Colonoscopies save lives
Did you know that more people under the age of 50 are now being diagnosed with colon cancer than ever before?
In fact, that age group is the only group seeing an increase in cancer cases, Essentia Health reported.
"While alarming, data is still being analyzed to understand how this may influence major screening guidelines," said Dr. Aaron Chan, a gastroenterologist at Essentia Health-St. Joseph's Medical Center, in a news release. "Currently, screening typically begins at age 50, so it's a cause for concern since it is a preventable disease."
Chan said research is being done to figure out why they're seeing an increase in a younger demographic. Data suggests that it's likely related to:
• poor diet,
• lack of exercise,
• higher obesity rates.
"It is so important for people of all ages to be proactive with their primary care doctor," Chan said. "If they notice any changes in their bowel habits, blood in their stools, abdominal pain or weight loss, they need to discuss it with their doctor to see what might be going on." In some cases, a colonoscopy may be ordered.
A colonoscopy is a procedure performed with a fiberoptic scope containing a camera and a light that doctors can insert into the colon, otherwise known as the large intestine. Colonoscopy is one way to test for colorectal cancer and is the only screening test which may prevent colon cancer from developing.
"Not only is it diagnostic, meaning we can look for cancer or polyps that could turn into cancer, but it's also therapeutic in that we can remove those precancerous growths or polyps at the same time," Chan said.
The most important thing when it comes to colorectal cancer is to catch it early, before it spreads. Prevention and early detection are key to increasing survival rates. The five-year survival rate for colorectal cancer is significantly better if found prior to spreading. Survival rates are 90 percent when it is found at the local stage, meaning while it is contained to the colon or rectum. If the cancer spreads to the regional stage, or closely outside the colon, survival rates go down to 71 percent. When the cancer spreads farther into the body, the five-year survival rates drop to 14 percent.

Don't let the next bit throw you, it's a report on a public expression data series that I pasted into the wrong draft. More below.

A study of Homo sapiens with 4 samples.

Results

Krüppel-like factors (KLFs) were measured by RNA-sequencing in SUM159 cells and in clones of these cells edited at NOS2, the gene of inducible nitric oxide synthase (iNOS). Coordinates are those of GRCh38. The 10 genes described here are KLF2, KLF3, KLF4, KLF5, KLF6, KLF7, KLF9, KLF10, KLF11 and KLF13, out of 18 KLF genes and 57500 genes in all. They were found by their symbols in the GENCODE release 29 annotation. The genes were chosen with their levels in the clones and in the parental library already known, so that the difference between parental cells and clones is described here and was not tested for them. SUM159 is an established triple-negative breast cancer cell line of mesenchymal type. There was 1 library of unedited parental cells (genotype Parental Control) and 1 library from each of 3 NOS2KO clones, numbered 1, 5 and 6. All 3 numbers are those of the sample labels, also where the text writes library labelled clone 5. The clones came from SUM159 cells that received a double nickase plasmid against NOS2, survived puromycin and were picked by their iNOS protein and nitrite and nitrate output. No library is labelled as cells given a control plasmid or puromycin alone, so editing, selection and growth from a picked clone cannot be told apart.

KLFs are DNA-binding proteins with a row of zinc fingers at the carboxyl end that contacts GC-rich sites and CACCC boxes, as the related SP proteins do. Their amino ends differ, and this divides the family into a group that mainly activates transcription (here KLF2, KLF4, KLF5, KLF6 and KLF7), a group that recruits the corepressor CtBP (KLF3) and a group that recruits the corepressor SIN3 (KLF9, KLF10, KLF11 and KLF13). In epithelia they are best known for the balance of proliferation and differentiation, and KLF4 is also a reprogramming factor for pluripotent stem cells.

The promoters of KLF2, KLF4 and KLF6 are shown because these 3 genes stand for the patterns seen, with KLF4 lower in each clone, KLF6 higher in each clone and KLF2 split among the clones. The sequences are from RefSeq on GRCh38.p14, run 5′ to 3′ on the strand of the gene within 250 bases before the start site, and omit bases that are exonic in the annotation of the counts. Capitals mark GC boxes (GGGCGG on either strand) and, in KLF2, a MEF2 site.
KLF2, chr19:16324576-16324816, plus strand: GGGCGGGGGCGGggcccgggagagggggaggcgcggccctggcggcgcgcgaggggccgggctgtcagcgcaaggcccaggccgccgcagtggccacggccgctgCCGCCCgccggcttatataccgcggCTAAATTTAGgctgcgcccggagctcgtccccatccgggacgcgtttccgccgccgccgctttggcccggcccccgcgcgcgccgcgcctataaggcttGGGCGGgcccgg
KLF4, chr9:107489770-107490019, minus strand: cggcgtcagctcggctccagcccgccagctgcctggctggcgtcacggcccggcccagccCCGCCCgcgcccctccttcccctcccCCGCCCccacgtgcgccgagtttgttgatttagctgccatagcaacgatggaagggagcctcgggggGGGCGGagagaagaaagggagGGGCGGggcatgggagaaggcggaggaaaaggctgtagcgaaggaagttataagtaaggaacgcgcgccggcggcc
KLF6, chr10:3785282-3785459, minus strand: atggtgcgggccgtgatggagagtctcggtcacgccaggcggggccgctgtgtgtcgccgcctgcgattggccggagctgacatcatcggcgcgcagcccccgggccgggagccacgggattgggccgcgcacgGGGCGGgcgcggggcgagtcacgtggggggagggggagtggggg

What should be expected when going in for a colonoscopy?
The day before the procedure patients are required to stop solid foods in favor of a clear liquid diet in order to void the colon of waste and prepare it for the procedure. They are also given a solution to drink which clears stool from the colon. Once inside the procedure room, sedation is given while the doctor examines the colon through the scope. After the procedure, patients are watched during recovery and are required to have someone else drive home. There is very little downtime after the procedure and if everything is normal without a family history, it isn't necessary to get tested for another 10 years. If a polyp is removed or there is a family history, colonoscopies may be needed every three to five years.
Talk to your primary care provider about your risks and if a colonoscopy is needed.
Colorectal cancer facts you need to know
• Colorectal cancer is the second most common cause of cancer deaths in the U.S.
• Colorectal cancer is the third most common type of cancer in the U.S.
• Colorectal cancer is sometimes symptomless, but symptoms can include:
• A change in bowel habits,
• Blood in the stool,
• Abdominal pain,
• Unexplained weight loss,
• 50,000 Americans die from colorectal cancer every year,
• 1 in 23 people will develop colorectal cancer,
• 71 percent of cases occur in the colon, 29 percent in the rectum,
• It affects men and women of all racial and ethnic backgrounds,
• It happens most in people over the age of 50, but cases are on the rise in those under 50,
• The median age of diagnosis is 72 for women and 68 for men,
• If colorectal cancer is caught before it spreads, five-year survival rates are 90 percent.
While no one loves getting a colonoscopy, its importance can't be overstated. "A colonoscopy is one day that can save the rest of your life and it certainly beats having surgery or chemotherapy," Chan said. Certainly the old adage, "An ounce of prevention is worth a pound of cure" applies to colonoscopy, Essentia Health reported.